READ: Boris Johnson's FULL statement to the Commons on Donald Trump 'Muslim ban'

Posted On: 
30th January 2017

Foreign Secretary Boris Johnson addressed MPs today over the US immigration block created by Donald Trump widely branded a 'Muslim ban'. 

Boris Johnson faced questions from angry MPs today
Credit: 
PA Images

In view of the understandable concern and uncertainty it may be helpful if I describe for the House the consequences for British citizens and dual nationals of the executive order issued last Friday. Let me begin by saying this is not UK policy, it is not our policy, nor is it a measure that this government would consider. I've already made clear our anxiety about measures that discriminate on grounds of nationality in ways that are divisive and wrong. 

On 27 January President Trump issued an executive order banning the citizens of seven countries from entering the US for a period of 90 days. Those countries are Syria, Iraq, Iran, Somalia, Yemen, Libya and Sudan. The order makes clear that no US visas will be issued to citizens of those states and anyone who already has a visa will be denied entry. The immigration policy of the US is of course a matter for the government of the US. But on the face of it this executive order had consequences for some British citizens. For that reason I spoke yesterday to the US administration and my Right Honourable Friend the Home Secretary has today spoken to General Kelly, the Secretary of Homeland Security.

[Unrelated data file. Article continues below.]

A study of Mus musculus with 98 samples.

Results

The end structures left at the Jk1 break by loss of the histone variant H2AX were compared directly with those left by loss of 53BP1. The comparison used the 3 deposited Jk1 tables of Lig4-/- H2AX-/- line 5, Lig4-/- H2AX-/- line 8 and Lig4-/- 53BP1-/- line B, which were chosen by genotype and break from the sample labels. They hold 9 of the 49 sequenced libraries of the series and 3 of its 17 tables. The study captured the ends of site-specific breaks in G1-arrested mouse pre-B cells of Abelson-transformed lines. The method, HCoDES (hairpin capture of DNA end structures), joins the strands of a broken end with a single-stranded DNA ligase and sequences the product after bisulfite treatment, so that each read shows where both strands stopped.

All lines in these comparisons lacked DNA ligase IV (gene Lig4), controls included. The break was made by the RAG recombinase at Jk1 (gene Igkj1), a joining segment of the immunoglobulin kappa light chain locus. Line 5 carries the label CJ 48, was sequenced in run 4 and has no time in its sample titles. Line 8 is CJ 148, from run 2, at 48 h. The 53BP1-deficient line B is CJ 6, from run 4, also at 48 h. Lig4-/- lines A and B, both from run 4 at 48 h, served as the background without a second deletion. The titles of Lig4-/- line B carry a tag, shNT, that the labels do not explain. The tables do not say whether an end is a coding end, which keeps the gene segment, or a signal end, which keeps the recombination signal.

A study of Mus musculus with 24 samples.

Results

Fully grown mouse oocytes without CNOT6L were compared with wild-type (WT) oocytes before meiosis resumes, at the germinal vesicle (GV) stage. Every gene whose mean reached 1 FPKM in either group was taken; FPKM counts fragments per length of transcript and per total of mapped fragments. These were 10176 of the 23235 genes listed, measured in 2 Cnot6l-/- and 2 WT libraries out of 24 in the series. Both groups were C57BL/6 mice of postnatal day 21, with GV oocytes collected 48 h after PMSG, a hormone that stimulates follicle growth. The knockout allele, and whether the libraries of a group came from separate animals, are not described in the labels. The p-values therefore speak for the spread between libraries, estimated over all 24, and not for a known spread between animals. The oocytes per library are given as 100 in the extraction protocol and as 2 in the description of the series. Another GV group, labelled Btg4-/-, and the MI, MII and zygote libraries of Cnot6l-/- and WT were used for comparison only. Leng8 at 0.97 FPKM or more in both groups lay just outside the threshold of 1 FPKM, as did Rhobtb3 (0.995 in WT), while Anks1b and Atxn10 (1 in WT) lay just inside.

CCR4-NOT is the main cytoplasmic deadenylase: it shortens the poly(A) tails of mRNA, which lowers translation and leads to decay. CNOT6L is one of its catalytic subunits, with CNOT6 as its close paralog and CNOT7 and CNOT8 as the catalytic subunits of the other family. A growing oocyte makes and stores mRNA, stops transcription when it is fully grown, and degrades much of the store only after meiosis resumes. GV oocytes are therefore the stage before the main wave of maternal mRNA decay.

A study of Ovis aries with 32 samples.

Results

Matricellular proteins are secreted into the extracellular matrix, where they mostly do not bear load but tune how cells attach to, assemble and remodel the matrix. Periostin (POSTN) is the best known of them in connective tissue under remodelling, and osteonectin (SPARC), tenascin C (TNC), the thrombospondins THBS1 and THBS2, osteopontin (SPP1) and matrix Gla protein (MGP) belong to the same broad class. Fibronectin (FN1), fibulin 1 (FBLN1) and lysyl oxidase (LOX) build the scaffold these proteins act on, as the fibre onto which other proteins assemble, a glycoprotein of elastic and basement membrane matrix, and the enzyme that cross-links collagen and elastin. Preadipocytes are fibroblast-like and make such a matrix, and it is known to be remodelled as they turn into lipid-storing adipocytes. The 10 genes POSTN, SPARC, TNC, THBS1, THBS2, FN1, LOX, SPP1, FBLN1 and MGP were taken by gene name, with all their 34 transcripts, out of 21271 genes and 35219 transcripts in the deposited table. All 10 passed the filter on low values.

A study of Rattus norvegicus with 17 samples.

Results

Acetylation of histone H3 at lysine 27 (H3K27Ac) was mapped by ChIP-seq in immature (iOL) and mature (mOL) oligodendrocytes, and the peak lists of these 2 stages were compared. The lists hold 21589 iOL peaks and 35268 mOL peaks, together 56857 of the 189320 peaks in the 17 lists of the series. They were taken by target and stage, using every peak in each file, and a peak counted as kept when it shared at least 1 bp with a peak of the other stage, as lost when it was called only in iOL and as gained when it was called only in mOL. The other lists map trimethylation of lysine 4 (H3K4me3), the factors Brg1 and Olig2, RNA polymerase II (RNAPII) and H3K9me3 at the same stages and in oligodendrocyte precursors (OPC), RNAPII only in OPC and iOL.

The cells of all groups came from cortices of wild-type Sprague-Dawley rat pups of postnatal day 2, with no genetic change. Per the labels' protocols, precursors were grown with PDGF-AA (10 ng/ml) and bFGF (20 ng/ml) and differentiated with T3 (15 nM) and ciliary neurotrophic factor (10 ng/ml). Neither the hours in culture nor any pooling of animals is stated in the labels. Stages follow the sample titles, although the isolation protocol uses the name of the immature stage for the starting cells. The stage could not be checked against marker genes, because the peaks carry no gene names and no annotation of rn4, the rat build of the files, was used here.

I'm able to provide the following clarification The general principle is that all British passport-holders remain welcome to travel to the US, we have received assurances from the US embassy that this executive order will make no difference to any British passport-holder irrespective of their country of birth or whether they hold another passport. In any case the executive order is a temporary measure intended to last for 90 days until the US security systems has added new precautions. This is, of course, a highly controversial policy which has caused unease and I repeat that this is not an approach this government would take.

Let me conclude by reminding the House of the vital importance of this country's alliance with the US, on defence, intelligence and security we work together more closely than any other two countries in the world. That relationship is overwhelmingly to our benefit. The Prime Minister's highly successful to the White House last week underlined the strength of that transatlantic alliance. Where we have differences with the US we will not quail from expressing them, as I have done today. If they were listening, if the members opposite were listening, as the Prime Minister did yesterday, as she did indeed in her excellent speech in Philadelphia last week, but we also repeat our resolve to work alongside the Trump administration in the mutual interests of our countries.